Claude A. Allen, the top White House adviser on domestic policy, said he is not leaving the post today to protest new military guidelines urging chaplains to perform only “non-denominational, inclusive prayer or a moment of silence.”
The Washington Times reported last week that Mr. Allen, the top black staffer in the White House, “resigned abruptly” just before the guidelines were released “to protest the White House’s refusal to lean on the Pentagon about the [chaplain] issue.”
“It’s simply not true,” Mr. Allen said in an interview this week from the West Wing.
“This truly is about family. There’s no protest,” said Mr. Allen, who has held the post for just more than a year. “If I could find a way to stay here and continue to serve our president and serve my family at the same time, I would that. It just hasn’t worked out that way.”
Mr. Allen said people “who want to bend [the resignation] that way unfortunately do a great disservice to our chaplains, who truly are fighting for and working to preserve their First Amendment rights.”
Although the guidelines, released Thursday by the Air Force, gave evangelicals more flexibility in expressing their faith, they did not address a key point: whether chaplains could pray in the name of Jesus at the many public ceremonies that are part of military life.
The only direction the guidelines gave was one sentence saying, “Non-denominational, inclusive prayer or a moment of silence may be appropriate” for such events.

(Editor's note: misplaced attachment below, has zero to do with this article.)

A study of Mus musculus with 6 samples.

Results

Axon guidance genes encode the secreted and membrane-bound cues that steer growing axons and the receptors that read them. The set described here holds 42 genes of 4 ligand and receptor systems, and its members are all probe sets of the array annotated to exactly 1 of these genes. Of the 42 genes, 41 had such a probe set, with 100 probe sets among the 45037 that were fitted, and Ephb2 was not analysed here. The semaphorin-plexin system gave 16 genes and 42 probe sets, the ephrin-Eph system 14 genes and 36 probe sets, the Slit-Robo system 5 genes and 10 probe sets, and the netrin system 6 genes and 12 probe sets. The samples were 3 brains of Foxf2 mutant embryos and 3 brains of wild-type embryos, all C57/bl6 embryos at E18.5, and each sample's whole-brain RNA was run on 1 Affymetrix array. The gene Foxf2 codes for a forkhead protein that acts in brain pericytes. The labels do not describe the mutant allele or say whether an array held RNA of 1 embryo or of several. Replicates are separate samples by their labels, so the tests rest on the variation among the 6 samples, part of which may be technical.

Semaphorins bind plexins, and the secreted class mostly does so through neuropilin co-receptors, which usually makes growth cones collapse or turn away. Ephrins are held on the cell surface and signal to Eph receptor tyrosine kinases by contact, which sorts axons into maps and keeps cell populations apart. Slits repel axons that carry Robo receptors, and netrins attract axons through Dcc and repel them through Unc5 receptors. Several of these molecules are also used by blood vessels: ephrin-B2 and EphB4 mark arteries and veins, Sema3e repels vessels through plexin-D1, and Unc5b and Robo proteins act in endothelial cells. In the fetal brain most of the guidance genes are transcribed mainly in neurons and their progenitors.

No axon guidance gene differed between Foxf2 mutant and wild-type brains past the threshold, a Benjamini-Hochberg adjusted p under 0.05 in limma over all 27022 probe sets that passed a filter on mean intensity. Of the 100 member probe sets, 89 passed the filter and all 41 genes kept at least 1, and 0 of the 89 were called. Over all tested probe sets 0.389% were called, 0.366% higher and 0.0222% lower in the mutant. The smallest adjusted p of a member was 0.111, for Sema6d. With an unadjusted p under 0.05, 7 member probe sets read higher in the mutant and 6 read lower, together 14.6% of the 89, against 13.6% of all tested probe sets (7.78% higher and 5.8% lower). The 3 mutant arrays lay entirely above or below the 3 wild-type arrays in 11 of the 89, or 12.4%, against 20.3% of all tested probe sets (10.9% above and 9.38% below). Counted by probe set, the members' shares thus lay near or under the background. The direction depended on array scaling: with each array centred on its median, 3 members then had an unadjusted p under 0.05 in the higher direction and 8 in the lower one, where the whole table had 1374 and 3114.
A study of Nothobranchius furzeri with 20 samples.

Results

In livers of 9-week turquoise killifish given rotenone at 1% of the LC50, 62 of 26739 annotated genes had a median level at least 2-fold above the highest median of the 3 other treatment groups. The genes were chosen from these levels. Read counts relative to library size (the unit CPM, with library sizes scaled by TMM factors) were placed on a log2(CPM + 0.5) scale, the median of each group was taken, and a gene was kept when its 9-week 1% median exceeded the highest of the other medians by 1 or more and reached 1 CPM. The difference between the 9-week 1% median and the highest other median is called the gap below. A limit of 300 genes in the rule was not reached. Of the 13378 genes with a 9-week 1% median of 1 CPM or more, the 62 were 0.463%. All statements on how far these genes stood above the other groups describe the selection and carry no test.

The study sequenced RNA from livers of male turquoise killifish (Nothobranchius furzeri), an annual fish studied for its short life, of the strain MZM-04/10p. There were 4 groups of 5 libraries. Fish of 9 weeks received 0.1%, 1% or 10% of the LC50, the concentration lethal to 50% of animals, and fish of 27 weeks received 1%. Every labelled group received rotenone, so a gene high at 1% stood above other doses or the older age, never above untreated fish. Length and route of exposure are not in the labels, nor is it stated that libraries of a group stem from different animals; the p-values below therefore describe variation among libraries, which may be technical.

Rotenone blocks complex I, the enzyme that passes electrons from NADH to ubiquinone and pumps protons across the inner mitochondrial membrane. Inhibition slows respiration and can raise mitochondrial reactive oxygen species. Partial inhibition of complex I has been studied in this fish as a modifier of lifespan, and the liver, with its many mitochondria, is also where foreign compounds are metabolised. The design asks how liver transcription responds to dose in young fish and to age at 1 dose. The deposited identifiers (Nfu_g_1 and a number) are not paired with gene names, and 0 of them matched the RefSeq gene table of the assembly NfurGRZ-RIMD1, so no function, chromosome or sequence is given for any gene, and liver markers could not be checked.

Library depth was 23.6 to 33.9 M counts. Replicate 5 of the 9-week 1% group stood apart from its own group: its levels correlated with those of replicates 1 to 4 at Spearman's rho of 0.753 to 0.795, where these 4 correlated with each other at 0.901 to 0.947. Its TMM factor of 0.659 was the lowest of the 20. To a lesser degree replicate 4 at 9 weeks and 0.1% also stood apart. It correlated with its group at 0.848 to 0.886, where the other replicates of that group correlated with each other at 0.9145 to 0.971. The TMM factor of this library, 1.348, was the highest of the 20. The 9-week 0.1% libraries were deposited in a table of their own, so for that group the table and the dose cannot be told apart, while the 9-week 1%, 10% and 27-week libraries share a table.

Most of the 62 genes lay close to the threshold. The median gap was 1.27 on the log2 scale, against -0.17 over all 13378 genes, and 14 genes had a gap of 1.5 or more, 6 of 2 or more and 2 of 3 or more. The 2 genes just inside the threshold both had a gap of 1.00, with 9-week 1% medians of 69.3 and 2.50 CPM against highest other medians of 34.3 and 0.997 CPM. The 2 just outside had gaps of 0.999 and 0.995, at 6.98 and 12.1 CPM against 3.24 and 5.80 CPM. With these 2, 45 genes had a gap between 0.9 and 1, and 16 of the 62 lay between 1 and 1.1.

Several weeks ago, Mr. Allen was part of a three-way phone conversation with Rep. Walter B. Jones, North Carolina Republican, and the Rev. Billy Baugham of the International Conference of Evangelical Chaplain Endorsers about whether military chaplains should be free to pray in the name of Jesus Christ.
Mr. Baugham said Mr. Allen tried to head off a demand by Mr. Jones and 73 other members of Congress that Mr. Bush issue an executive order ending religious discrimination against evangelical Christian chaplains.
According to Mr. Baugham, Mr. Allen promised the congressman he would ask the president to intercede with Defense Secretary Donald H. Rumsfeld on the condition that Mr. Jones drop his demand for an executive order. But the new Air Force rules make clear that Mr. Allen was not totally successful.
Richard Cizik, vice president for governmental affairs at the National Association of Evangelicals, said the West Wing can be rough for people such as Mr. Allen, an evangelical Christian who attends Covenant Life Church, a large congregation in Gaithersburg.
“They don’t take kindly to someone serving too strongly the evangelical cause,” Mr. Cizik said. “The people in the White House want someone who will salute, no matter what. If you are an evangelical, you get special scrutiny. They know evangelicals are obedient to a higher principle.”
A known opponent of abortion, Mr. Allen and his wife, Jannese, home-school their four children. He is also on the board of the Billings, Mont.-based Peacemaker Ministries, which steers Christians toward “mediation” instead of lawsuits.
Mr. Allen said that despite citing his family for his departure — a common euphemism in Washington politics — he really is returning to being a father first.
“I guess if there was a regret, it’s that I’m a husband and a father, and my wife and children have sacrificed for me to enjoy what I love coming to work to do,” Mr. Allen said.